Sutherland Table complete
As an occasional contributor to Waterways World I often wonder how many people actually read what I write. I get very little feedback which can be frustrating at times, but the same applies to the Birmingham Canal Navigations Society's "Boundary Post" magazine which I have been writing for for the last three years.
Gate leg table fully open
This absence of feedback probably accounts for Mike Jordan's enthusiasm to help me with my boat table project which was gleaned from his pages of the October 2015 edition of Waterways World. I saw a picture of his table in Canal World Discussion Forum (there are other forums but this is the best) and PM'd him (personal message). He was soon back to me with some tips and crucially he supplied the timber I would need from his stockpile of off-cuts. In truth I felt that £50 for the raw timber was a very good deal and represented the catalyst for the project.
Sutherland table half open
Our problem is that having rebuilt the saloon in the boat the old table with sprung legs is too bulky, inflexible and tends to get in the way when it is stored. Anyway, its a horrid table and its crude construction has annoyed me for 10 years, so a new saloon means a new table.
Table closed for storage
Mike's construction guide was good but as is the case on most projects I use instructions as guidelines rather than rules (a bit like the Pirates Code). I suspect that Mike has a better equipped workshop as carpentry is his big passion, so my rather more mundane set of tools was always going to limit my options. However, I had a good look at the photos and figured I could create something very similar which could be used either fully extended or with just one leaf up, and was just 10cm wide when folded down which will fit nicely under the gunnels.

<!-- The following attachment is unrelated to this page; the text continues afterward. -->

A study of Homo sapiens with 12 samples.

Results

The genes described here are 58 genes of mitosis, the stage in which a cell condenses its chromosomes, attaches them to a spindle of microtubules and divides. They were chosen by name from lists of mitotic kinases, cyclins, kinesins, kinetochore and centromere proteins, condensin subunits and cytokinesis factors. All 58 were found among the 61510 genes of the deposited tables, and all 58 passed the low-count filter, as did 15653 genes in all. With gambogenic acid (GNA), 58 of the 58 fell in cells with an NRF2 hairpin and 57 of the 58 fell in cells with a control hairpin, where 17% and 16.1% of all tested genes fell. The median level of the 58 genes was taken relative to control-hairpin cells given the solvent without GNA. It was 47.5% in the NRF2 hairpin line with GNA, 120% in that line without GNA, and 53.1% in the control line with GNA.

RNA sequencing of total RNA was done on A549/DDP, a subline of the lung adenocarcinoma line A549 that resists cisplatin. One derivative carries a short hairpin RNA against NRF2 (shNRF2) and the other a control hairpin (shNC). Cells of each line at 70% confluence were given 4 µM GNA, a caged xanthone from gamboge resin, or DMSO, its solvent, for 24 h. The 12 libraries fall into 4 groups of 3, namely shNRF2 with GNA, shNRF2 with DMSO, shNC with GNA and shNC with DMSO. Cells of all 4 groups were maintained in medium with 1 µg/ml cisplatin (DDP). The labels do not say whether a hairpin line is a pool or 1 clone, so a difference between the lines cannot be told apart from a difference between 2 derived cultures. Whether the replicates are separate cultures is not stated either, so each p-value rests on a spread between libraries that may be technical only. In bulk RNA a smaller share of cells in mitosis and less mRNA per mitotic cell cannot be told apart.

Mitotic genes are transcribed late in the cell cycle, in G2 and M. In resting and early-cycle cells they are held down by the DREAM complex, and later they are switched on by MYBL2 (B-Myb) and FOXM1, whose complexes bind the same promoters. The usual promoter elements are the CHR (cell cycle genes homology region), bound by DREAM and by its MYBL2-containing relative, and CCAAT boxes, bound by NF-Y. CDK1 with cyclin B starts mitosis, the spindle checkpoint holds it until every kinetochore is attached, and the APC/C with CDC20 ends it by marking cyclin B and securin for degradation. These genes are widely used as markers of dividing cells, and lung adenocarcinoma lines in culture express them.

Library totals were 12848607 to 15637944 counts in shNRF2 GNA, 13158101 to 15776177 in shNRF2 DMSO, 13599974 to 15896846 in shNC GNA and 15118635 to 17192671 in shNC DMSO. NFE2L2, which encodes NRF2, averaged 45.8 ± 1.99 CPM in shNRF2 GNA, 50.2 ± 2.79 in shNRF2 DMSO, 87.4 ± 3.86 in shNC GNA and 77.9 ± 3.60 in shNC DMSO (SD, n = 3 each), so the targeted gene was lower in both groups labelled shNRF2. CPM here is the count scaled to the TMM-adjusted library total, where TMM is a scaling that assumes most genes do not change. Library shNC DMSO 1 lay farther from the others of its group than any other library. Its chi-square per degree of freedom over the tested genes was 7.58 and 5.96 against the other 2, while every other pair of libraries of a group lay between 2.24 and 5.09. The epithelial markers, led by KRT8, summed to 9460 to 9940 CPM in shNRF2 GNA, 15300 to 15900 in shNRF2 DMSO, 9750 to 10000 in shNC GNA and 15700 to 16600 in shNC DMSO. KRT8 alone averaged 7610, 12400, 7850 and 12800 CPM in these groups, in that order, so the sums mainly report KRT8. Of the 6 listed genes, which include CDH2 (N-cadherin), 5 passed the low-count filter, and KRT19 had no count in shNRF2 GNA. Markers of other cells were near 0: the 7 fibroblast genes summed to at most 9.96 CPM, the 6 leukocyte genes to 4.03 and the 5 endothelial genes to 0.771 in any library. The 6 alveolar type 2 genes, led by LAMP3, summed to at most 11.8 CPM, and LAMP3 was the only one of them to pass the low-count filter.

My attempt at mortice and tenon joints
My key limitations were the absence of a planer thicknesses to consistently size the rough cut oak and a bench morticer to accurately cut the female sections of mortice and tenon joints. I did buy a new electric planer which, with a bit of patience, did the job of a planer thicknesses and a mix of a drill, a router, a band saw and a jig saw achieved a reasonable set of joints.
This project has taken a long time to complete because I have been completing the kitchen extension at home, but I finally applied three coats of varnish and its job done, ready to be delivered to the boat and the old table can be consigned to the fiery furnace of Hell.
As with all carpentry projects, I could make a better job of it if I built a second one, but for a first attempt I am pretty satisfied and I am sure it will fulfill ts given purpose very competently.
Mike - if you read this please forgive my "off piste" adaptions!
And finally - if you want to know why its called a Sutherland Table - I have absolutely no idea!